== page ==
Remnant & regenerating species growing on Te Matuku Point
NikauRhopalostylis sapida

"NZ's only native palm species, the nikauNikau a very distinctive component of the coastal broadleaf sub-canopy and it's berries are a favoured food of the kereru. The nikau is very slow-growing. Research conducted in lowland forests near Auckland found it takes 40-50 years to begin to form a trunk and about 200 years to reach 10 metres tall. On average two fronds are shed per year leaving behind a leaf scar on the trunk which can be used to give a rough indication of age since the trunk began forming."

- Department of Conservation -

PuririVitex lucens

"PuririPuriri is one of the few forest trees that has colourful flowers. It mostly flowers during winter and ripens its cherry-like fruit in summer, but it usually has a few flowers and ripe fruit all year round... Puriri mothPhoto by Tony Wills: Wikimedia Commons, NZ's largest native moth, spends up to 7 years as a grub in its puriri trunk burrow then emerges as an adult, lays eggs & dies, all within 48 hours."

- 'Trees of Fertile Lowlands', Encyclopedia of New Zealand -

KohekoheDysoxylum spectabile

"Like a number of tropical trees, kohekohe flowers directly from its trunk and branches, a feature known as cauliflory. It produces clusters of nectar-filled cream flowersPhoto by Kahuroa: Wikimedia Commons in autumn and early winter. Later, bunches of grape-sized fruits hang from the trunk."

- 'Tall Broadleaf Trees', Encyclopedia of New Zealand -

19th Century Timber

"Taraire was cut from Omaru Bay block into 3ft billets for haulage by horse sled and, it was said, destined for bakery ovens in Auckland. In nearby Te Matuku Bay he also cut pohutukawa blocks which were squared for size for Calliope DockDevonport drydock, built in 1888. The solid heavy blocks were estimated to measure about 6ft by 2ft by 18in... A resourceful bush carpenter made use of available trees, trimming them to shape if no sawn timber was available. His work can be seen in several early cottages where he used trimmed tea-tree in place of small beams."

- Excerpt from 'Waiheke Pioneers'Waiheke Pioneers by Dixie Day -

TaraireBeilschmiedia taraire

"The recent dry spell is one of the worst we have had in many years with no rain for several months and none forecast in the next several weeks. One species of tree that is hit hard during droughts is the taraireDrought damage, which has a relatively shallow root system. Taraire are a vital part of our ecology on Waiheke, providing shelter and food for our kereru (wood pigeon). The HGCT has been busy organising for Taraire trees to be supplied with water on both public and private land thanks to a generous anonymous donation of $2,000 from a concerned local resident."

- Hauraki Gulf Conservation Trust - 26/04/10 -

PohutukawaMetrosideros excelsa

"Waiheke Island is possum-free, so pohutukawaPohutukawa have always flourished - they inhabit the main beaches and can be found almost anywhere on the island. The more populated northern and eastern coasts have fewer old stands remaining, whereas the southern and western coasts are more densely clad with bush featuring majestic pohutukawa. They are very much an important aspect of island life and part of the accepted heritage - there is a both a bay and a waterside avenue aptly named after the species."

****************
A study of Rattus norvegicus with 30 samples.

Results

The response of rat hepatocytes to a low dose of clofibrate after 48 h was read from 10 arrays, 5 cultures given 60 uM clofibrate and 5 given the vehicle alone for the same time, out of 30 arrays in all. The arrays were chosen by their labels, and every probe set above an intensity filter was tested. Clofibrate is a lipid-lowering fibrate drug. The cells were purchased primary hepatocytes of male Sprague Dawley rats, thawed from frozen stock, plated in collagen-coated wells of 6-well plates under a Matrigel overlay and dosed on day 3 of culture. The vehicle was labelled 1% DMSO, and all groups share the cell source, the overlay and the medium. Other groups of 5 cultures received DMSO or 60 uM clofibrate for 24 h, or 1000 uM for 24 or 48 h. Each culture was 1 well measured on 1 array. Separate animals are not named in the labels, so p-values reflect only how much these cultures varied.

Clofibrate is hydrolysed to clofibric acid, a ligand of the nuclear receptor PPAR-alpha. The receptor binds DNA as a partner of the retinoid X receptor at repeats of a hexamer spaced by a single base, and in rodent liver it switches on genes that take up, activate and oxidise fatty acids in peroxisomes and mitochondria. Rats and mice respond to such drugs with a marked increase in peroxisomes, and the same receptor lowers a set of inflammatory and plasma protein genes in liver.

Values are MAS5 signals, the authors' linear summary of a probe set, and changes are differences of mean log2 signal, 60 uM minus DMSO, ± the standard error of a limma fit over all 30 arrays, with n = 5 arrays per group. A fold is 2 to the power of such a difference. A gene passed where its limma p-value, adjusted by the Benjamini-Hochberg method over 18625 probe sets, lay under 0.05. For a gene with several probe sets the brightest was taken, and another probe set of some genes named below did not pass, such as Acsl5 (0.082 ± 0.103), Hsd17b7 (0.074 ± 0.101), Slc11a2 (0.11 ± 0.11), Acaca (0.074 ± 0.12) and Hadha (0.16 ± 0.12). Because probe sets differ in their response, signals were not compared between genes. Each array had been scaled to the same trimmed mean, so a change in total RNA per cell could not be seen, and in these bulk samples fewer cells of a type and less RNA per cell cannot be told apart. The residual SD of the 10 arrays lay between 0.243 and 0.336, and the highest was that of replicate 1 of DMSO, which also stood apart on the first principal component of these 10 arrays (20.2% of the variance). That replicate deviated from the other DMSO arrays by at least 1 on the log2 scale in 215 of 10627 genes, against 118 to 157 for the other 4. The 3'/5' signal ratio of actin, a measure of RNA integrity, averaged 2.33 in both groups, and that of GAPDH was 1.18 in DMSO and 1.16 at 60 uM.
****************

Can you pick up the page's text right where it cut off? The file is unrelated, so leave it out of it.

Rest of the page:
- Excerpt from Crimson Trail brochure -

KauriAgathis australis

"A track led up the valley from Te Matuku to Man O' War Bay down which 20-bullock wagons hauled logs to the head of Te Matuku Bay. There was at least one kauri dam on Waiheke, a small one just north of (now) Goodwin Reserve. When released, the logs spread out over Day's Flat from where they were hauled by bullock to Rakewau stream and floated into Te Matuku Bay. To form a raft, a toggle went through a slanting hole in the end of the logs, which were then fastened together and towed by steamer to Auckland."

- Excerpt from 'Waiheke Pioneers'Waiheke Pioneers by Dixie Day -

KarakaCorynocarpus laevigatus

"The karaka berryPhoto by Kahuroa: Wikimedia Commons provided a staple source of food for Maori when the trees were fruiting - February to March. When ripe the fragrant berry has a very distinctive and pleasant aroma. The kernel must be carefully prepared before it is eaten. In fact it is VERY POISONOUS if it is not prepared properly and can cause serious convulsions. Our grandparents prepared these kernels for special occasions such as the poukai. The taste of the kernel is unique and has a pasty texture."

- 'Traditional Food', Aotea Harbour -

Tea TreeLeptospermum scoparium & Kunzea ericoides

"Both manuka & kanuka colonise bare ground but in harsh conditions secondary growth species sometimes don't flourish thus making tea tree the climaxKanuka forest canopy. You can tell the difference between them by their leaves & flowers - kanuka leaves are much softer to touch and the small white kanuka flowers grow in clusters, not singly like manuka. Unaffected by the manuka blight, kanuka bark does not have a "sooty" look."

- Trees for Survival Trust -

TanekahaPhyllocladus trichomanoides

Tanekaha can be found growing in similar habitats to kauri: their distinctive flattened leaves (actually modified shoots) encouraged the alternative common name of Celery Pine. Part of the 19th century "bush economy", axemen stripped tanekaha bark for use in the tanning trade while the straight knot-free timber was valued for specialist uses.